One moment a farmer leads a water buffalo to a field, then I blink and five gleaming-white high-rise hotels appear. Brendan and I are on the decidedly modern Hainan Eastern Expressway, headed north to Riyuewan (translated “Sun and Moon Bay”) to do something I wondered if I’d ever do in China: surf with locals. The freeway’s path up the eastern coastline exposes old and new Hainan. Tiny agrarian villages with rice paddies and rows of taro give way to hotels under construction. Most have billboards with oddly translated English tag lines like “Grasp your ultimate dreams of water and sun at Crystal Ocean Pointe.” I can’t help but laugh.
“There was an announcement recently that it’s a national priority for Hainan to become an international tourism island,” says Brendan, explaining the building boom. “The central government in Beijing is focusing a lot on Hainan right now.” The small village of Riyuewan, however, has seen little development. There’s only one hotel, which caters to busloads of Chinese tourists on carefully scripted tours of Hainan. Twice a day, like clockwork, large tour buses deposit hundreds of tourists in the village. Nearly all are clad in aloha print tops and shorts as they visit a small museum and watch a staged ceremony to bless the local ﬁshing ﬂeet. Heck, for all I know, surfer-watching may even be on the itinerary now. They’re ogling their own homeland. It’s a novelty to them.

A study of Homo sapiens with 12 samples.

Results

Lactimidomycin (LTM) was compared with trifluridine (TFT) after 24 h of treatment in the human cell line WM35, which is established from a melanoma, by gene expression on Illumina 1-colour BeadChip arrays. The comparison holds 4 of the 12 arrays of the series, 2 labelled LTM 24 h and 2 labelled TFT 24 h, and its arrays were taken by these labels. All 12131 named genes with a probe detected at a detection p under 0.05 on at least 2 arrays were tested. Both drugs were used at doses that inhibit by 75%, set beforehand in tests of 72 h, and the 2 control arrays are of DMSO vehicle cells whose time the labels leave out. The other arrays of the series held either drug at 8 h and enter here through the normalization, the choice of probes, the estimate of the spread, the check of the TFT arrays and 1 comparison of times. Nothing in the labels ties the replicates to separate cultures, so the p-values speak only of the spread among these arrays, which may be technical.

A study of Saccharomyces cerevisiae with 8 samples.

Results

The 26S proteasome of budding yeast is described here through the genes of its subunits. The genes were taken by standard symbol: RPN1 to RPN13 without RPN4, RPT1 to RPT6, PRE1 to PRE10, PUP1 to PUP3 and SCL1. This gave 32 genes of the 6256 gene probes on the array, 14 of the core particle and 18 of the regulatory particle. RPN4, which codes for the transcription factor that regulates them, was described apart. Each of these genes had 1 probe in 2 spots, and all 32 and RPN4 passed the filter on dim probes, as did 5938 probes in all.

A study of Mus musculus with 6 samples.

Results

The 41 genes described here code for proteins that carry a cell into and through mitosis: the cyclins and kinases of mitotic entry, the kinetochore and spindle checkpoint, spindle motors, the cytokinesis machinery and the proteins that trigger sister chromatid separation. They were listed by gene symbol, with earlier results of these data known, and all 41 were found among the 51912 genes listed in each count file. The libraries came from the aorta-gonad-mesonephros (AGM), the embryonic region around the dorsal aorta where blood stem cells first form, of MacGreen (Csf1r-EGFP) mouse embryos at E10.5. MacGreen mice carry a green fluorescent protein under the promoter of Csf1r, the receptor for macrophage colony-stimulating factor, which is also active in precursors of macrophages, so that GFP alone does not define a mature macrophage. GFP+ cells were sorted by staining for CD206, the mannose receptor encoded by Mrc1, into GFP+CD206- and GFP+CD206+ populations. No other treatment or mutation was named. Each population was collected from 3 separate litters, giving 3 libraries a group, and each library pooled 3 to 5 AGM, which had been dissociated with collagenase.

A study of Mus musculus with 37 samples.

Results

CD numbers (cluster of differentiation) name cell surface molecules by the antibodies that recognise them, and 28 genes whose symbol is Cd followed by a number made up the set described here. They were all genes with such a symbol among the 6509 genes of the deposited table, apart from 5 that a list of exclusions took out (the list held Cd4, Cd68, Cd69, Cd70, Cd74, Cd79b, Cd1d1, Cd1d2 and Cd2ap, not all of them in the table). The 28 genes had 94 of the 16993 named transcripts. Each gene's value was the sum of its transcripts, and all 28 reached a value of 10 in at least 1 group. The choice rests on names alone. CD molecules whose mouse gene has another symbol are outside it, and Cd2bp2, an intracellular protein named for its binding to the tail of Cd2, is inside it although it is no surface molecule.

As we enter town, I recognize the noodle and fruit stands and souvenir shops on the main drag. “When the buses leave, Riyuewan becomes a ghost town,” says Brendan, reminding me of how these workers return to their villages nestled in the hills after each show. Sun and Moon Bay itself is a wide, sweeping crescent of sand that gives way to those hills. It embodies the “Hawaii of China” comparisons. Last time I was here I was virtually alone, drawn to the machinelike perfection of a peeling wave. So I’m taken aback by what I see in the water. There are at least 15 surfers out.
We stop in at Mama’s Restaurant, a ramshackle open-air eatery, home to Mama and her two sons, Huang Ning, 37, and Huang Wen, 26, Riyuewan’s ﬁrst local surfers. Though I speak no Chinese, and my last visit was a while ago, they welcome me as family. Even Mama jogs over for a hug. “Now there are surfers all the time here,” Huang Ning tells me through a translator. The brothers are happy for the new business. Mama’s now rents boards in addition to serving fresh seafood.
The brothers surf with us for the next week as a steady stream of local and visiting surfers come and go. Unlike in my ﬁrst visit, the shopkeepers in Riyuewan don’t look at me like an alien. They smile and nod as I buy bananas or enjoy a bowl of noodles. They know I surf and seem pleased that I’m here. One afternoon at Mama’s, a Riyuewan local — a ﬁreplug of a guy in his late 20s with a mop of black hair — walks over to me as I survey the waves. “You take me surf?” he asks with a big toothy grin. I smile back. He speaks to me in Chinese. “He says he remembers you from your last visit,” translates a friend. “He’s a local diver, a ﬁsherman. You lent him your paddle board for his dive mask.” Though he speaks precious little English, that afternoon I use gestures and diagrams in the sand to teach him surﬁng. Before long, I have him standing up and riding in the soupy waves near shore. The diver’s beaming smile says it all. He, like other locals around us, is hooked.